Sunday, October 14, 2007
CNBC: The Age of Wal-Mart
On Sunday, Oct. 14, 2007 CNBC presented a two-hour documentary “The Age of Wal-Mart” and presented a reasonably balanced picture of the retailing behemoth. As for what happens to home-grown small retailers when Wal-Mart comes to town, well, it’s a bit like Bambi meets Godzilla (there really was a short called that). The movie “Store Wars” back in 2000 examined this problem in Ashland, VA.
The movie interviews CEO Lee Scott and shows originator Sam Walton. The company started in 1962 as a kind of dime store, trying to bring lower prices of Sears and K-Mart to small towns, being headquartered in Bentonville, AK. In time, by emphasizing super-efficiency, they out-competed the older retailers. Now the company has 1.5 million employees.
The program shows Wal-Mart as being a rah-rah place to work (Barbara Ehrenreich had found that out in a trial as an employee while “paying her dues” when writing “Nickel and Dimed”). Managers, when traveling, are expected to share hotel rooms. I’ve heard about this practice before in other companies (the DuMuth v. Miller case back in the early 1990s mentioned that, where an accountant was fired from a small company for being gay). Now, when I travel for a company, I want my privacy when I sleep, and that wouldn’t fly. The CEO’s office, however, was not palatial.
Managers spend a lot of time on the road, visiting stores in districts and managing a complicated business. Manufacturers have to appease Wal-Mart to stay in business, as with the PillowTex case. The mechanized procedure for meeting Wal-Mart’s buyers was shown. The film also showed the robotics and logistics in the mammoth distribution centers, that seemed to come out of science fiction. The information systems and data center operations, that seem to be heavily IBM mainframe oriented and that process a fantastic volume of point-of-sale transactions, was shown/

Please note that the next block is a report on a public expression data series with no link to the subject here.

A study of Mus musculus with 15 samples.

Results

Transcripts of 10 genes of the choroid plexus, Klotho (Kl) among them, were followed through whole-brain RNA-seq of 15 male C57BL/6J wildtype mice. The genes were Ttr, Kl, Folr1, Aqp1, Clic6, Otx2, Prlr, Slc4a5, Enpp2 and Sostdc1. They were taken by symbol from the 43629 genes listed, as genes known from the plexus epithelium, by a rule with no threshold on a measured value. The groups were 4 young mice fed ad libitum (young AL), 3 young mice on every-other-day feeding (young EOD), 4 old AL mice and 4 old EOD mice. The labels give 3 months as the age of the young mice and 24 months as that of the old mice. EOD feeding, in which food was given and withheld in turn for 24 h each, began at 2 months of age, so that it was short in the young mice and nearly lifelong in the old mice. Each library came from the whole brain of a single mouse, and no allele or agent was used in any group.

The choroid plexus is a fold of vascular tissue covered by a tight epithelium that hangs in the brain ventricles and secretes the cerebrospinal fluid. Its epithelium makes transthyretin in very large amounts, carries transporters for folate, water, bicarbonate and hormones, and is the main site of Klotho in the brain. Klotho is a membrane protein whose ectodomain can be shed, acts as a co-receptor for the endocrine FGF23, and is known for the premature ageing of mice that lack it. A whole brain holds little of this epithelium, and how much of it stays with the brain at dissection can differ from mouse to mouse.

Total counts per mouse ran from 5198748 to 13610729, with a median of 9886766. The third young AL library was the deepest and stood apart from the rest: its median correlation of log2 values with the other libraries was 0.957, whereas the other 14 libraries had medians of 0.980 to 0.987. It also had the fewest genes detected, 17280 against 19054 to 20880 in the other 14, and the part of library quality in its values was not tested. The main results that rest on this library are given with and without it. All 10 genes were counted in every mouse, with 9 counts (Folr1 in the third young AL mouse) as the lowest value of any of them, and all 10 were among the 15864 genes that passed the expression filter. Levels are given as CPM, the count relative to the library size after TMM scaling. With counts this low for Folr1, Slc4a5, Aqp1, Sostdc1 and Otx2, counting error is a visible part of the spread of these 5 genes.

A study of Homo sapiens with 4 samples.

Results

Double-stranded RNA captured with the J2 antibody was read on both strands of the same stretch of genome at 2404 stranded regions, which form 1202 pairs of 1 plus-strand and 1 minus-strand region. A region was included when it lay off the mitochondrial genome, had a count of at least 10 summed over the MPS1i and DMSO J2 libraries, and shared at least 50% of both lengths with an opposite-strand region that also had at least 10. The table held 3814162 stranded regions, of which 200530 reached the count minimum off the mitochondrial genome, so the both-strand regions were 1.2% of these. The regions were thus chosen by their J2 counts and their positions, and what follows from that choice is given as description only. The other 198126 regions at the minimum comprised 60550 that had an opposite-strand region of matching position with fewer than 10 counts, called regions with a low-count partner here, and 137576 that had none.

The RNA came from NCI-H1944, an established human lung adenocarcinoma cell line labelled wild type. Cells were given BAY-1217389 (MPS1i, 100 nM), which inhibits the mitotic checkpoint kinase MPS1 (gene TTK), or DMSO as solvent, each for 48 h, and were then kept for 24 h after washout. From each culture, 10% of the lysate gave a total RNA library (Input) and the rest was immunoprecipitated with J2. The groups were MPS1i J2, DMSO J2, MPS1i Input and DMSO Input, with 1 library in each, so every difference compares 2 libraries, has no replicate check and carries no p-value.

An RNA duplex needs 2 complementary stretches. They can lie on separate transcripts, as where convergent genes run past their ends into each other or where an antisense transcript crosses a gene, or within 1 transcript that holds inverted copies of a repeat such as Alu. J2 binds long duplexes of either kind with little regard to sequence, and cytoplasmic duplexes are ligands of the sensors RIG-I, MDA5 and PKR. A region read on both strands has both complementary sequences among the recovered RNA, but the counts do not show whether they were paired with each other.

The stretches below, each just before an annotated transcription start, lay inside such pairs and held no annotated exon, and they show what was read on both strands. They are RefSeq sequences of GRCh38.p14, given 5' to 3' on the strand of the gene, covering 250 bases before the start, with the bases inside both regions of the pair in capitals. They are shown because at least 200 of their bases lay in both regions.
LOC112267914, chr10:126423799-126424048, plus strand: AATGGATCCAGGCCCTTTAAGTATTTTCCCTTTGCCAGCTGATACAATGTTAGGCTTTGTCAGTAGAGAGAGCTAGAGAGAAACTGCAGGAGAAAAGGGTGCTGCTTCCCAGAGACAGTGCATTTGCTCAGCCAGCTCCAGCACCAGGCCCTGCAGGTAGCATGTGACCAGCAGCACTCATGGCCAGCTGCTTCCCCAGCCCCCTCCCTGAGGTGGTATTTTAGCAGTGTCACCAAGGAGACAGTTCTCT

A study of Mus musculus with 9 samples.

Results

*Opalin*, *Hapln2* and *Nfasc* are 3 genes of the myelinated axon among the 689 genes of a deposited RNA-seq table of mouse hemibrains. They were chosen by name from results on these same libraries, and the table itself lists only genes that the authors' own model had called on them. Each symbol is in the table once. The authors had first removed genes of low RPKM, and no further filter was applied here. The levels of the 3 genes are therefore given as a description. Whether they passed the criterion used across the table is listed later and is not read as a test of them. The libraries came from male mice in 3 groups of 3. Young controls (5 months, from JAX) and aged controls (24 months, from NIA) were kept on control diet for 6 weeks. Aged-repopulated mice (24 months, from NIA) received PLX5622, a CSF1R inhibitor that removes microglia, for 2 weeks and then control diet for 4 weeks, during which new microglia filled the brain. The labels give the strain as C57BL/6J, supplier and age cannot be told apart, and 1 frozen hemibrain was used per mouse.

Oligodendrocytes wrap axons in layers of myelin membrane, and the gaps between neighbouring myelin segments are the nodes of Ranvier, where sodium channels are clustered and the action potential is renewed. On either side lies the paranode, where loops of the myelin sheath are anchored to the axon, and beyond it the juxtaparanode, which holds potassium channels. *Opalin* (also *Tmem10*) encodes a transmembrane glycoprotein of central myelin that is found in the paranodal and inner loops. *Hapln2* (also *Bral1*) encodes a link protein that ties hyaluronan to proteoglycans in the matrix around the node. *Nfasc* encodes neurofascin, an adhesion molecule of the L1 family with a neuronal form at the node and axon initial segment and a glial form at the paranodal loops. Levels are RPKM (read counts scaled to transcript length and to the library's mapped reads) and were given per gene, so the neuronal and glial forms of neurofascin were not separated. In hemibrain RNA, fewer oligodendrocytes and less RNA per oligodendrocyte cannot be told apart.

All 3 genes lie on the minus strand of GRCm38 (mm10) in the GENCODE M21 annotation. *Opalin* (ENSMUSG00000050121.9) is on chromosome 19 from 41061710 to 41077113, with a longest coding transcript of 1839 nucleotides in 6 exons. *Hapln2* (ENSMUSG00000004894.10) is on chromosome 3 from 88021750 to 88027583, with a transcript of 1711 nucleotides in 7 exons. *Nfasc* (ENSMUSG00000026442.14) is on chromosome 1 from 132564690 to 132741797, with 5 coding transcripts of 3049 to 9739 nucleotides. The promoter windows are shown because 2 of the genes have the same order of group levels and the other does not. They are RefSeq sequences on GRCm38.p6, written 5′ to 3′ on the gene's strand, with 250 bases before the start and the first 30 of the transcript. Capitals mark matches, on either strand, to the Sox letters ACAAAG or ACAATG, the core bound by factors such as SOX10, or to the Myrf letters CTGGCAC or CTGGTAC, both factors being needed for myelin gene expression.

In a company so large, there are bound to be controversies, with wages, with attempts to make employees (called “associates” – and early in the history the company offered them stock) pay for some health care (the company has improved prescription drugs recently). There have been disturbing (to say the least) reports of abuses, such as associates being locked in a store, being illegally forced to work off the clock, and allegations that cleaning contractors have hired illegal aliens. There was a segment showing Wal-Mart in China.
Picture: Will there be a Wal-Mart on Titan?